Prisons don't rehabilitate, they don't punish, they don't protect, so what the hell do they do?
Written laws are like spiders' webs, and will, like them, only entangle and hold the poor and weak, while the rich and powerful will easily break through them.
There's no greater threat to our independence, to our cherished freedoms and personal liberties than the continual, relentless injection of these insidious poisons into our system. We must decide whether we cherish independence from drugs, without which there is no freedom.
If punishment reaches not the mind and makes not the will supple, it hardens the offender.
Once we are destined to live out our lives in the prison of our mind, our duty is to furnish it well.
To my mind, to kill in war is not a whit better than to commit ordinary murder.
We have our own system, ... and journalists in our system are not put in prison for embarrassing the government by revealing things the government might not wish to have revealed. The important thing is that our system, under which journalists can write without fear or favor, should continue.
When I was in prison, I was wrapped up in all those deep books. That Tolstoy crap - people shouldn't read that stuff.
If you want total security, go to prison. There you’re fed, clothed, given medical care and so on. The only thing lacking…is freedom.
By noiselessly going to a prison a civil-resister ensures a calm atmosphere.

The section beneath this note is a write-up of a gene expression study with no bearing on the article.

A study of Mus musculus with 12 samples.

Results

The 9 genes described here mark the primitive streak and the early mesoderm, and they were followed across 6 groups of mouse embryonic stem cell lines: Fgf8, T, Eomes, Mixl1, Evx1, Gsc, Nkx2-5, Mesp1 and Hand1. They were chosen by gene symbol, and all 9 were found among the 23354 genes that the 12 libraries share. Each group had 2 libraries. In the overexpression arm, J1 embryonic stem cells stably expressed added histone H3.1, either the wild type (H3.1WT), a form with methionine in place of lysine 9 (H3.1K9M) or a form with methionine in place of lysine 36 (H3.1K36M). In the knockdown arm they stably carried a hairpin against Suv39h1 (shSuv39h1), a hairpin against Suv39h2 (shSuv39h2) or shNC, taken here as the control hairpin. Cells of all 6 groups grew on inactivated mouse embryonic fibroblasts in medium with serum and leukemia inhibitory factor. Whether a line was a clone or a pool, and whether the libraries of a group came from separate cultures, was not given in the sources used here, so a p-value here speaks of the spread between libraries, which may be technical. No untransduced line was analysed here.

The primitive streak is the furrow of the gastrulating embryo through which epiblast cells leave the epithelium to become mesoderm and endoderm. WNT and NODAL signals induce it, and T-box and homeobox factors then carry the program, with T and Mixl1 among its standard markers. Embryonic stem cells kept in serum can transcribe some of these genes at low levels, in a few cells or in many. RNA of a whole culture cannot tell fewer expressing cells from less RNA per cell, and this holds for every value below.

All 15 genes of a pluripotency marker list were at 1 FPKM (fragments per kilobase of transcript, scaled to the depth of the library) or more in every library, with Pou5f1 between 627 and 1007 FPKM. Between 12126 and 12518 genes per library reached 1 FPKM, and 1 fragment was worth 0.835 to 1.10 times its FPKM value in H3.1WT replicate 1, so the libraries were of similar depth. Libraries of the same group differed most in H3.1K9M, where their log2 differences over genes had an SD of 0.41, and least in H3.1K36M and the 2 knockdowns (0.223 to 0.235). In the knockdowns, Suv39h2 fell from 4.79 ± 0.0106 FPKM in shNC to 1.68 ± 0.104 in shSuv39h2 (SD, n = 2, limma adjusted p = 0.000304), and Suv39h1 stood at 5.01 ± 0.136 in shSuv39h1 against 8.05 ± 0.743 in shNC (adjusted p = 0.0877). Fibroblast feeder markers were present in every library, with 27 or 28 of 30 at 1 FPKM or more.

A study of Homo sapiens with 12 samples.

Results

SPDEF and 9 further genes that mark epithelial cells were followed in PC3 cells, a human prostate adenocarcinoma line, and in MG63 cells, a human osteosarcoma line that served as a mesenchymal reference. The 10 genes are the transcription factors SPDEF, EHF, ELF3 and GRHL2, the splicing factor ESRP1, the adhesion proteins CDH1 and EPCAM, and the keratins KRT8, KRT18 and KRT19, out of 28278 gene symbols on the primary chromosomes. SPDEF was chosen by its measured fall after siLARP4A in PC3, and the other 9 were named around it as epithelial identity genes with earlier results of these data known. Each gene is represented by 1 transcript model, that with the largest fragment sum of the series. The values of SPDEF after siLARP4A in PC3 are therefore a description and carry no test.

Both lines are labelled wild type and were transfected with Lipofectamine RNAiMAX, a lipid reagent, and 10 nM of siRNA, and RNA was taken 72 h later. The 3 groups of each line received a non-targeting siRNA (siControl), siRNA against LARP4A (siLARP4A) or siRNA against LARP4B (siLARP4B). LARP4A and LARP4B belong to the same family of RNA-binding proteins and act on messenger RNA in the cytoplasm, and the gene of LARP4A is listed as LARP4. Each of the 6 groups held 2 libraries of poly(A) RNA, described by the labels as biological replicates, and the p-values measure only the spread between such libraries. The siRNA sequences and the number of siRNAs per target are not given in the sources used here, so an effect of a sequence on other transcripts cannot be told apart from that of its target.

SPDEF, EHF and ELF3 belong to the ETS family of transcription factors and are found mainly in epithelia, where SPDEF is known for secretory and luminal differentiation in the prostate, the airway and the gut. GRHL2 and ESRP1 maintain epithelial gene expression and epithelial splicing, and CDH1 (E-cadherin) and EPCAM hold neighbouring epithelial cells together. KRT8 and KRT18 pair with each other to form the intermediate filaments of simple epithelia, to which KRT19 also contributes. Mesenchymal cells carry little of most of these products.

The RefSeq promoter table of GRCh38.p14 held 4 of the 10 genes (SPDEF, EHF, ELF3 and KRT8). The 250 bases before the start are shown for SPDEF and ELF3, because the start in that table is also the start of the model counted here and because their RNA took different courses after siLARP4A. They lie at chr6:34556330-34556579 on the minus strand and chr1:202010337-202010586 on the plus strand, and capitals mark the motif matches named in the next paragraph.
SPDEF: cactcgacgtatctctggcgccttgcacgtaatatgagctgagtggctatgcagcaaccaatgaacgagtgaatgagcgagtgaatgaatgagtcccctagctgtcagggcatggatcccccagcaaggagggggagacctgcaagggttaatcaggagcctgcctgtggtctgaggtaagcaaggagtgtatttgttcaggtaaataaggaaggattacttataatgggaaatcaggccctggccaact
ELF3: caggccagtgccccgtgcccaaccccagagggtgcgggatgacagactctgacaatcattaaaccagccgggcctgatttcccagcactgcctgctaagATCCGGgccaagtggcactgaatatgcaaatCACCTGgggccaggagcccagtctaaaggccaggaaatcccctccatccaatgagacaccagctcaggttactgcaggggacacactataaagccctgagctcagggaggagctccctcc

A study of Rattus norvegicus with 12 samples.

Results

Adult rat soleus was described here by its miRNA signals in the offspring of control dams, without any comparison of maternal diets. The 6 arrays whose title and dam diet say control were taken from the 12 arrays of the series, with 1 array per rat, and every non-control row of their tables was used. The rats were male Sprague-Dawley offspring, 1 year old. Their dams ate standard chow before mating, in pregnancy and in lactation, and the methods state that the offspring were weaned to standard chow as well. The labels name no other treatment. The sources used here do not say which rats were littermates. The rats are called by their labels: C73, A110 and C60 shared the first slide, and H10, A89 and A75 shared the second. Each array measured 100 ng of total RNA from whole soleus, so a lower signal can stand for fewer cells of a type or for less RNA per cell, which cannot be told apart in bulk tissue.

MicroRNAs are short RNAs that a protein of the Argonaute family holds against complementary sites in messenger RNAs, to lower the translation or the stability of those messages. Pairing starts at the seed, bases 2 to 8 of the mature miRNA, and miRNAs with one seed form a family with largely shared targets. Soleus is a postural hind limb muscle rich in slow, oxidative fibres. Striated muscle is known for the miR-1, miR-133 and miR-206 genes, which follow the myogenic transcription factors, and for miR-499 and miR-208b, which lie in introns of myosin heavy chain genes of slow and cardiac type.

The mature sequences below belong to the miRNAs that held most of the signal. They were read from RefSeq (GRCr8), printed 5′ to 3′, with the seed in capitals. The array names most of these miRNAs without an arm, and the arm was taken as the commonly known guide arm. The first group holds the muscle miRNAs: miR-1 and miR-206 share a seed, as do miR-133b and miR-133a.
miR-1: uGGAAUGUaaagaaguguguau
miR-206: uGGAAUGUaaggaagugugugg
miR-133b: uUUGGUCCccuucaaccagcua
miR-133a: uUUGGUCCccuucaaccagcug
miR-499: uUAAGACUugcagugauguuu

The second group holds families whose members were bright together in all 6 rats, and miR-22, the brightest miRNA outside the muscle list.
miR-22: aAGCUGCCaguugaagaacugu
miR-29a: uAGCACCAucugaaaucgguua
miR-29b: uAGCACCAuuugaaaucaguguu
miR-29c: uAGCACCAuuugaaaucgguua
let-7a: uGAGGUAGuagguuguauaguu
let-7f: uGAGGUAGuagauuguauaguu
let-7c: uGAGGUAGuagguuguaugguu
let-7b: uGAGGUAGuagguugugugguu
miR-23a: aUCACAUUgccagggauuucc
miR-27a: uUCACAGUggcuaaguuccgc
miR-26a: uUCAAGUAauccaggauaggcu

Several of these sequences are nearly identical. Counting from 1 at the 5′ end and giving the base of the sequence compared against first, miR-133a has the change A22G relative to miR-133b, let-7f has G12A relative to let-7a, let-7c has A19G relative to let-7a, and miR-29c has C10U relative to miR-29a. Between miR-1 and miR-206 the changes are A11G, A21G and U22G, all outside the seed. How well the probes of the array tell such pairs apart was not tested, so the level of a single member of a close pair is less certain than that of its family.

When you are younger you get blamed for crimes you never committed and when you're older you begin to get credit for virtues you never possessed. It evens itself out.
The only difference between me and my fellow actors is that I've spent more time in jail.
Women have worked hard; starved in prison; given of their time and lives that we might sit in the House of Commons and take part in the legislating of this country.
It is hard, but it is excellent, to find the right knowledge of when correction is necessary and when grace doth most avail.
The English laws punish vice; the Chinese laws do more, they reward virtue.
If it's near dinner-time, the foreman takes out his watch when the jury has retired, and says: "Dear me, gentlemen, ten minutes to five, I declare! I dine at five, gentlemen." "So do I," says everybody else, except two men who ought to have dined at three and seem more than half disposed to stand out in consequence. The foreman smiles, and puts up his watch:--"Well, gentlemen, what do we say, plaintiff or defendant, gentlemen?